Hazardous Waste

A hazardous waste is a waste with a chemical composition or other properties that make it capable of causing illness, death, or some other harm to humans and other life forms when mismanaged or released into the environment.


This new page is part of our Hazardous Waste Management Program web page update process and is under construction. The links to the left will take you to the main Hazardous Waste page, as well as the general category pages, and the Related Links are those links related to the content on the page. If you are looking for the original "Managing Hazardous Waste" web page, please click here. This page will be updated frequently over the coming year, and when complete, the original page will no longer be available. 


A waste is a hazardous waste if it is a listed waste, characteristic waste, used oil and mixed wastes. Specific procedures determine how waste is identified, classified, listed, and delisted.


Hazardous waste is divided into different types (e.g., universal waste) or categories, including RCRA hazardous waste and non-RCRA hazardous waste. Properly categorizing a hazardous waste is necessary for land disposal restrictions, treatment standards and fees, amongst other things.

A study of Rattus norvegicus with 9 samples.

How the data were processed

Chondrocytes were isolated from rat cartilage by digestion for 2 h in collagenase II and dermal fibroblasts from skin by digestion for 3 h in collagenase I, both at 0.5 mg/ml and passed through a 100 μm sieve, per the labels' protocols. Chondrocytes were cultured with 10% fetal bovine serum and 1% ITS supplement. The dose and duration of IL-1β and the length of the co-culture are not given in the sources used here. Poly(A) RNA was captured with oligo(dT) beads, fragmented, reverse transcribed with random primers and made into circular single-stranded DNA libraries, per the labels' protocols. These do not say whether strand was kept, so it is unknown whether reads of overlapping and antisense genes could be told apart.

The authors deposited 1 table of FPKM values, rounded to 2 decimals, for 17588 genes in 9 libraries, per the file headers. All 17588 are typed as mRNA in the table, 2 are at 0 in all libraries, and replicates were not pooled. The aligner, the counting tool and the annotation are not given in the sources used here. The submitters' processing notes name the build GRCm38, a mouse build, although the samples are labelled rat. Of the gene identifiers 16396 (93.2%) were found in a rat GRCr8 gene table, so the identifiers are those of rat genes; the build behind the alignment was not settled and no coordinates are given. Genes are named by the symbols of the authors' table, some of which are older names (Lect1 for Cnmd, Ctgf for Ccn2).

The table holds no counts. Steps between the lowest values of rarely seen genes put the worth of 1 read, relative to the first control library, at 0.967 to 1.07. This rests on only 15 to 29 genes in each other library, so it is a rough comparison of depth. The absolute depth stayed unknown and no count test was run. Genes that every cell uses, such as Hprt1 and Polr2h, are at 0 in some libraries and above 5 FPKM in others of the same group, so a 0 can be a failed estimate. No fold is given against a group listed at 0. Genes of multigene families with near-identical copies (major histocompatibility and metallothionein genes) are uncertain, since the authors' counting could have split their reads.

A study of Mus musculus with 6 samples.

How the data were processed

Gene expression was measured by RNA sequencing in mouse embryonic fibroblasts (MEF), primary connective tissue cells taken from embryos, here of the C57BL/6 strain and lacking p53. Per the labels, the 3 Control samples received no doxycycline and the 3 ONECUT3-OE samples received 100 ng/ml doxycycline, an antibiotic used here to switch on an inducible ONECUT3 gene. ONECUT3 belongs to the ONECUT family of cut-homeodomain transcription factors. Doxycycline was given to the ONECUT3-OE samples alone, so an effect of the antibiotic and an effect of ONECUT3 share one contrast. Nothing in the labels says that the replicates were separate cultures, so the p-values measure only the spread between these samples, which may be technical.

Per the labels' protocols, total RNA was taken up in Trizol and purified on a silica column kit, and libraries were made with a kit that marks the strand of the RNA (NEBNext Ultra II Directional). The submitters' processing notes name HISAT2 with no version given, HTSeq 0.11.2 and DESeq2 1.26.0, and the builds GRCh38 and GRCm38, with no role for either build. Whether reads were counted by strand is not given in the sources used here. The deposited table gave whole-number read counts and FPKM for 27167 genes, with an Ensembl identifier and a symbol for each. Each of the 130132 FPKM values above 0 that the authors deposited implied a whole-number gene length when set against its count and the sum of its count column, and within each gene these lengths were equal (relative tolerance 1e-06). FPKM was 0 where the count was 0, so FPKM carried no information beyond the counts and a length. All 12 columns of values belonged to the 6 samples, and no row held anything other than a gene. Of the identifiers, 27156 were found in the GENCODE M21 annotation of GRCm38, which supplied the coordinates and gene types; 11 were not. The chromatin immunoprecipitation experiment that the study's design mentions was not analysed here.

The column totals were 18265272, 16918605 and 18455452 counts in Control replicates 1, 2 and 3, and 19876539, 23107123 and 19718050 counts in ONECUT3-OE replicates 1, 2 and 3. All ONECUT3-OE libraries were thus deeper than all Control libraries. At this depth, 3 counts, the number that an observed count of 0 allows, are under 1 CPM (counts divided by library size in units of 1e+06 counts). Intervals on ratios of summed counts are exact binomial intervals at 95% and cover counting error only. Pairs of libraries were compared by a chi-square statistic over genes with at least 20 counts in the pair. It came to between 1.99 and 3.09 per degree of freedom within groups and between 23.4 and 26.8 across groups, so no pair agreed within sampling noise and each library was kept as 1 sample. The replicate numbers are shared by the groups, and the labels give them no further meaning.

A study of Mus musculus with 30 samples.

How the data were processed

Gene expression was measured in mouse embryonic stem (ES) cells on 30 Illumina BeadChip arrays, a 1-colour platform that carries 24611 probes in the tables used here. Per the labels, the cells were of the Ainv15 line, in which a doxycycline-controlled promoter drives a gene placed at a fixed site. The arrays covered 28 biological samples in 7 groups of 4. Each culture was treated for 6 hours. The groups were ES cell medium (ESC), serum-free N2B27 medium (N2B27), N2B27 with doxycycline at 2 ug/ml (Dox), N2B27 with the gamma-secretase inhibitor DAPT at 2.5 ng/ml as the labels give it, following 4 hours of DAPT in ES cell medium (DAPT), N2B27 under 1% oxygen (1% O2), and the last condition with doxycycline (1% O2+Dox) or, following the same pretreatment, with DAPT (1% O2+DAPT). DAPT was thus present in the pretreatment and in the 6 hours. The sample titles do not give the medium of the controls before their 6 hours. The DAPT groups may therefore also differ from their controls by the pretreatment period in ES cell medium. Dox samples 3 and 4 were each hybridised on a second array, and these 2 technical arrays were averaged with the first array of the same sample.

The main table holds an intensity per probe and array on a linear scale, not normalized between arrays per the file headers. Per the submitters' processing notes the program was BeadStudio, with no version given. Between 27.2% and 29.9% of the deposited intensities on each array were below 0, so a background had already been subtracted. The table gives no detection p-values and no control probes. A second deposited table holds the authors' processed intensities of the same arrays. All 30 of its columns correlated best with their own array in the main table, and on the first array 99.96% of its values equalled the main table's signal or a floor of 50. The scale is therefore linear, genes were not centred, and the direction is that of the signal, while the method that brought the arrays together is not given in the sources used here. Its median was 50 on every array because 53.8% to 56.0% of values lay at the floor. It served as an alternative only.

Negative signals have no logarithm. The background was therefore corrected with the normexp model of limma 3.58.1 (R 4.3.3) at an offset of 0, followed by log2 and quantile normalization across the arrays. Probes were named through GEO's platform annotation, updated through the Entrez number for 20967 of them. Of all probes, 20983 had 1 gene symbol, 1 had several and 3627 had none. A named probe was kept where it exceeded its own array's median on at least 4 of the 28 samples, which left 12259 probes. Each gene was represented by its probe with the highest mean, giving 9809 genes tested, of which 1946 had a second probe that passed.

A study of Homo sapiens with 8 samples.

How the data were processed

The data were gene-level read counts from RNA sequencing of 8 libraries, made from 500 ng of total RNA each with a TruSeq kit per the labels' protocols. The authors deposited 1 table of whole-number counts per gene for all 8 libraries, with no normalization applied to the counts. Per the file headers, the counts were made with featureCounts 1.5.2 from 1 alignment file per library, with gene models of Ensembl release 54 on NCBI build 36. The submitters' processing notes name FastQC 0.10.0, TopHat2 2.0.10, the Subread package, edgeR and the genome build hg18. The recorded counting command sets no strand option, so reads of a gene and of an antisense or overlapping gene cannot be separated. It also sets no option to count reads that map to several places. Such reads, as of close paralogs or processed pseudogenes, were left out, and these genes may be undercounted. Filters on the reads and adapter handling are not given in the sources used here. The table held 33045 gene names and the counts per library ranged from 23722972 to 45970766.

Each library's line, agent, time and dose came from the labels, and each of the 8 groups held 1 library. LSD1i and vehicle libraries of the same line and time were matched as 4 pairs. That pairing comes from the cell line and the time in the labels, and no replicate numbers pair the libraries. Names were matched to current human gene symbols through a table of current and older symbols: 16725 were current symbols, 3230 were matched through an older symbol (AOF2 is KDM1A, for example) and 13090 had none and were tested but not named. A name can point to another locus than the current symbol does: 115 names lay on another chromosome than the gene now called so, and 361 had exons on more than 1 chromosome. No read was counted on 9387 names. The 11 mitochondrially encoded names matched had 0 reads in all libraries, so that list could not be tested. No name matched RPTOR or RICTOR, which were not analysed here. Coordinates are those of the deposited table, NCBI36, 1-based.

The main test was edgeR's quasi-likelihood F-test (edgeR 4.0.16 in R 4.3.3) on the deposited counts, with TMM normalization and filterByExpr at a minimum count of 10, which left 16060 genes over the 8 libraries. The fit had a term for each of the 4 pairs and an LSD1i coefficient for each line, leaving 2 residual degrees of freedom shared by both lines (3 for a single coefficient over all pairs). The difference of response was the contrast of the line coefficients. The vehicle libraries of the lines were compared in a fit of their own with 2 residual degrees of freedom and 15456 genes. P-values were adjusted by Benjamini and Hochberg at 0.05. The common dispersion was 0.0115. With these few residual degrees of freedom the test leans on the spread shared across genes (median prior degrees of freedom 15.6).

Hazardous waste generators are divided into two categories (Small Quantity Generators and Large quantity Generators) based on the amount of waste they produce each month. Different regulations apply to each generator category.


Hazardous waste transporters move waste from one site to another by highway, rail, water, or air. Federal and State regulations govern hazardous waste transportation, including the Manifest System.


Requirements for TSD facilities govern the treatment, storage and disposal of hazardous waste, including land disposal, the permitting process and requirements for TSD facilities.


DTSC implements hazardous waste recycling laws and developed the hazardous waste recycling regulations to promote the reuse and reclamation of useful materials in a manner that is safe and protective of human health and the environment. Hazardous waste laws define recycling differently.